In one of his lectures at the 2004 Alexander International Congress, Walter Carrington suggested we could all benefit from frequently asking ourselves these two questions:
1. Where am I?
2. Where am I going?
The first question helps to ground us in present reality, while the second is an invitation to assess the overall pattern of neuromuscular pulls we are imposing upon ourselves.
In recent years I’ve been finding two other questions extremely helpful:
1. Where is my head?
2. Where is my breathing?
You could very roughly say the first question relates to lengthening, or going up, while the second question relates to widening, although of course this is an oversimplification as those two directions always need to cooperate, harmonise, and facilitate each other.
For example, if I’m out walking and getting somewhat lost internally in ruminating thoughts, “where is my head?” wakes me up to noticing my head in relation to my spine and in relation to my feet. Am I dragging my head forward and down, or back and down, or variations and combinations of both? When I’m lost in thoughts that’s usually what’s happening with my head, and then there’s no chance of my spine optimising its potential for lightening up and and giving me a sense of buoyancy (which is an appropriately psychophysical word to describe an experience which is both physical and psychological). Checking where my head is in relation to my feet brings me back to that vital sense of grounding. Am I letting my contact with the ground (or floor) stimulate an automatic upward response rather than me subconsciously creating muscular “false floors” at different levels of my body (maybe knees, hips, lower back, base of neck) to artificially support myself in separate sections.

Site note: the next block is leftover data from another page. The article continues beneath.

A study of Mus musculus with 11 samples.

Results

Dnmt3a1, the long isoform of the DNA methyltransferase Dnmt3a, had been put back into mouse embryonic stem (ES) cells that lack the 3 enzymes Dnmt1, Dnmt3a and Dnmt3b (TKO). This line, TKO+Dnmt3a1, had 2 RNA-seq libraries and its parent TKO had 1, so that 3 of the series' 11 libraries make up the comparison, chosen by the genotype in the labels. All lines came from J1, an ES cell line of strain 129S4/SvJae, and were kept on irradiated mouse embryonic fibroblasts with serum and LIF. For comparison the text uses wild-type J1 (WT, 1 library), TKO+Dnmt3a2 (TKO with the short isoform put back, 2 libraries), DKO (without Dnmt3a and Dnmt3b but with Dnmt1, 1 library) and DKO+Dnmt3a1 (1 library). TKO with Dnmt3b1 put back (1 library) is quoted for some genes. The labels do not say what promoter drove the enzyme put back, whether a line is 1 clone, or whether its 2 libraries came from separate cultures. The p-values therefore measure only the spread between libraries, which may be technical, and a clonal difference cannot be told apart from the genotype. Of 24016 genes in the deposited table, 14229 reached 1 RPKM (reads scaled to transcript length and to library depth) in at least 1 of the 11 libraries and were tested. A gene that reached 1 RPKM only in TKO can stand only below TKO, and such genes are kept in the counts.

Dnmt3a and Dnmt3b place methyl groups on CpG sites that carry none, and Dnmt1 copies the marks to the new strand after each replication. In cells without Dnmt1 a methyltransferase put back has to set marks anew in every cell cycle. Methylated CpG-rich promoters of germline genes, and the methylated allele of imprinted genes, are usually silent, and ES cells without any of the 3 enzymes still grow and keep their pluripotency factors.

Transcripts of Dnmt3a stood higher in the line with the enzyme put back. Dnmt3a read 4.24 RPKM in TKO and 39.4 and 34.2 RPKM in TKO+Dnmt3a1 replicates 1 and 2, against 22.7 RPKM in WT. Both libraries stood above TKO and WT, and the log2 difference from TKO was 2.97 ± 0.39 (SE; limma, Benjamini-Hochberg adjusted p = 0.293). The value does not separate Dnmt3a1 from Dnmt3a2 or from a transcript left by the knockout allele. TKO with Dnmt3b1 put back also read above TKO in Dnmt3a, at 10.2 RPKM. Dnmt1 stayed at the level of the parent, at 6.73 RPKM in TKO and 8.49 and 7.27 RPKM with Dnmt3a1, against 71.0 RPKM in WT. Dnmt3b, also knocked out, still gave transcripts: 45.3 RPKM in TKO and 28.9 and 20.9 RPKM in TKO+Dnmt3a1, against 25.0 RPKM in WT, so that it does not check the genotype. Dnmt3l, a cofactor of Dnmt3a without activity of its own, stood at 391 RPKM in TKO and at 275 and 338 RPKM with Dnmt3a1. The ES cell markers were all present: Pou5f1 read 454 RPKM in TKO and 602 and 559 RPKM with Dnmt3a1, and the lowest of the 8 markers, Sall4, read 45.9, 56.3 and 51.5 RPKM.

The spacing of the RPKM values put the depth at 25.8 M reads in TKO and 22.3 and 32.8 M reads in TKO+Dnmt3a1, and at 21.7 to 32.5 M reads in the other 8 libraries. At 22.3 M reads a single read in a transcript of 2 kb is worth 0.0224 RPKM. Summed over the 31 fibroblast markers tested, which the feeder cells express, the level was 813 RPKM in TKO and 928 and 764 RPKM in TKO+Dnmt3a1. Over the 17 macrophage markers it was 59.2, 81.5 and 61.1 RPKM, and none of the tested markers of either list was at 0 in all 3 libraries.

The same considerations apply in almost any situation. For example when sitting at a computer desk I can ask “where is my head?” in order to notice if perhaps my head is way forward through being drawn into the screen, or way down as I’ve been slowly collapsing because I’ve lost touch with any sense of “up” direction through my spine. Of course when sitting, while the question of my head in relation to my spine remains the same, the question of my head in relation to my feet becomes one of where is my head is in relation to my sitting bones or pelvic base, and it’s the contact with the seat of the chair rather than the contact of the feet on the floor that stimulates the upward response.
I find this works even when lying in bed at night prior to going to sleep. Whatever position I’m in I can ask “where is my head?” Is my head allowing my spine to lighten and lengthen in relation to the support of the mattress under me so I’m not compressing my torso? Which in turn leads easily into the second question.
The question “where is my breathing?” is one I find wonderfully helpful in finding my back. If I notice the movements that take place in my body for inbreath and outbreath are happening mostly in the front, abdomen and/or front of chest, I can be pretty sure I don’t have a widening back! Along with lightening up through my head and spine from the contact of my feet on the ground (or sitting bones on the seat of the chair or whatever part of me is in contact with external support) I need to let the movements of breathing spread right through my back: through the back and sides of my ribs, including the small 11th and 12th pair of floating ribs, and right on through the lower back musculature that connects those lower ribs to the pelvis, through to the pelvic floor, and via the gluteal muscles into the backs and sides of the legs.
Two simple questions that can unlock profound effects in everyday life situations.